Once predominant in developing countries, microlending making strides in U.S.

Micro Lending Software

Traditional lenders continue to impose strict credit requirements in an effort to curb risk, and while it may be argued that the quality of loan portfolios managed by these lenders has improved, fewer small business owners have been able to gain access to valuable funding. As a result, a report says many entrepreneurs are turning to a form of lending popularly found in developing countries – microlending.

Observers have credited microlending with having a positive impact empowering business owners and the poor in impoverished parts of the world, but the smallest startups in major U.S. metros such as New York, Los Angeles, Houston and Miami now increasingly turn to local lending outfits for cash, according to the Associated Press.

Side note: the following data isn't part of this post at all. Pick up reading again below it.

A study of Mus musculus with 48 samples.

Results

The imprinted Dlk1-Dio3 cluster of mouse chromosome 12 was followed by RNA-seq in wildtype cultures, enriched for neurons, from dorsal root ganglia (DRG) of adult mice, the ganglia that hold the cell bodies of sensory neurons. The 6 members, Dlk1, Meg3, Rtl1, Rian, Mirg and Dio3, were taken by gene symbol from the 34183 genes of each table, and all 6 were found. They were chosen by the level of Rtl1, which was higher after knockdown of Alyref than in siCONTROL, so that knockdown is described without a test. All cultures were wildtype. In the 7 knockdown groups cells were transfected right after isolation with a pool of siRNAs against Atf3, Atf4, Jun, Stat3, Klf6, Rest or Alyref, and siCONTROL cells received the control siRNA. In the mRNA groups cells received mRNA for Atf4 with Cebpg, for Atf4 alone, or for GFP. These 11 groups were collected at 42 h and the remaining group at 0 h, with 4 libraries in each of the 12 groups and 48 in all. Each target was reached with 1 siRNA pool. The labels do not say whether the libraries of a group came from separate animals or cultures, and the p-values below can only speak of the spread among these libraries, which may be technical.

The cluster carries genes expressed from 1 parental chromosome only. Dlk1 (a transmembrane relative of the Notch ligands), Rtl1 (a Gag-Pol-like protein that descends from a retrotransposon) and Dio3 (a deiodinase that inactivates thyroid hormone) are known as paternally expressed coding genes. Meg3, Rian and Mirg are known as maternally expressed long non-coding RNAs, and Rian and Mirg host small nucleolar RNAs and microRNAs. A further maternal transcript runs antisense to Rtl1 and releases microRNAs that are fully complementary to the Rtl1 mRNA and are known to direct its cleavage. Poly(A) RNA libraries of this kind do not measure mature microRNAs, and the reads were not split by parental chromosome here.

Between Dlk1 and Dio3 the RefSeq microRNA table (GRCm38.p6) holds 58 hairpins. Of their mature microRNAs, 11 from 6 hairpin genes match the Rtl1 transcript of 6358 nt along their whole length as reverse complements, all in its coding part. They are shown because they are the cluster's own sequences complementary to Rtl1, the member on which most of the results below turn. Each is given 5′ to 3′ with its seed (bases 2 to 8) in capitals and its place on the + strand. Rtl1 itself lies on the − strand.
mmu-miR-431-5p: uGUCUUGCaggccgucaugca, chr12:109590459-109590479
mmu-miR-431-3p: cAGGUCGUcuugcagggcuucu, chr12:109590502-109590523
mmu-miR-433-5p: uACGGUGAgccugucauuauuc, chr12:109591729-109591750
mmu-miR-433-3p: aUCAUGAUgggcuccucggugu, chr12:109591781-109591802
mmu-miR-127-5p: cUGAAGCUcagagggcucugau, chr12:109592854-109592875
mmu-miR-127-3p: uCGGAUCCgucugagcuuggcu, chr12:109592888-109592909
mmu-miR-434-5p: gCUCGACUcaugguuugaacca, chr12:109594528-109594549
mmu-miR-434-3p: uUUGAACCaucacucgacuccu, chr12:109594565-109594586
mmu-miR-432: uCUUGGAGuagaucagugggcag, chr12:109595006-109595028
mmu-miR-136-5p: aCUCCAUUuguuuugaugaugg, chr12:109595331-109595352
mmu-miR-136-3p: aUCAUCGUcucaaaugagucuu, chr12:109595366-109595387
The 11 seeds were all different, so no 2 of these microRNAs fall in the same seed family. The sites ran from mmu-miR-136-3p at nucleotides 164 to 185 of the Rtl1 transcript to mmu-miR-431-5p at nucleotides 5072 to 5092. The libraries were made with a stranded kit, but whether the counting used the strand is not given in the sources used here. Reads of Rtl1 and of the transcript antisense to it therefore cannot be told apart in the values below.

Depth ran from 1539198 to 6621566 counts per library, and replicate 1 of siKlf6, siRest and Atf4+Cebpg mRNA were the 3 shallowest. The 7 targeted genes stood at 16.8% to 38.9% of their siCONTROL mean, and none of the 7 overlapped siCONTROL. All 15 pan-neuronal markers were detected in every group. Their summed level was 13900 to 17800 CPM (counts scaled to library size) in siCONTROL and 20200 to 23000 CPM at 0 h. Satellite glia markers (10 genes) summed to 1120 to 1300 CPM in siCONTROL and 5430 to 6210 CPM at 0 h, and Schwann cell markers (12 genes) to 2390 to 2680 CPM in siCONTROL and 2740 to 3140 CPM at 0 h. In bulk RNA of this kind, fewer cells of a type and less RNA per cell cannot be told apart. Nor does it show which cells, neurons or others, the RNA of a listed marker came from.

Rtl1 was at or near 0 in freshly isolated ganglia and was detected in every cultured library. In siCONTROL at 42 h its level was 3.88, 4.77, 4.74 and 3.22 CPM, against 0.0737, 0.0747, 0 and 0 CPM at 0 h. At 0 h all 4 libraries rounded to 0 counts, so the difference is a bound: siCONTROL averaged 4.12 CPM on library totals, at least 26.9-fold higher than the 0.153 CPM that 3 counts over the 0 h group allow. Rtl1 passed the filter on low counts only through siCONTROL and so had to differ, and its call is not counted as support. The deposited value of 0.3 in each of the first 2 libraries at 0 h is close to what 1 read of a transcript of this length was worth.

A significant portion of these businesses are owned by minorities and women, said the report, and a microloan from a local nonprofit may provide the support and financial stability these business owners need to eventually qualify for traditional sources of funding. The AP cited data from the Aspen Institute that showed microlending increased 25 percent between 2008 and 2010.

Lenders in this field impose a wide variety of credit restrictions, some looser than others, and those interviewed by the AP said their desire was to encourage socially responsible lending supported by careful and thoughtful analysis on the part of sales representatives. At the same time, microlending is a difficult industry in which to become profitable, as evidenced by one lender profiled by the AP who has yet to turn a profit in six years of business.

As these lending firms continue to iron out the difficulties of working in a relatively new environment, it may be important for them to consider the use of microlending software that offers sophisticated credit risk management tools.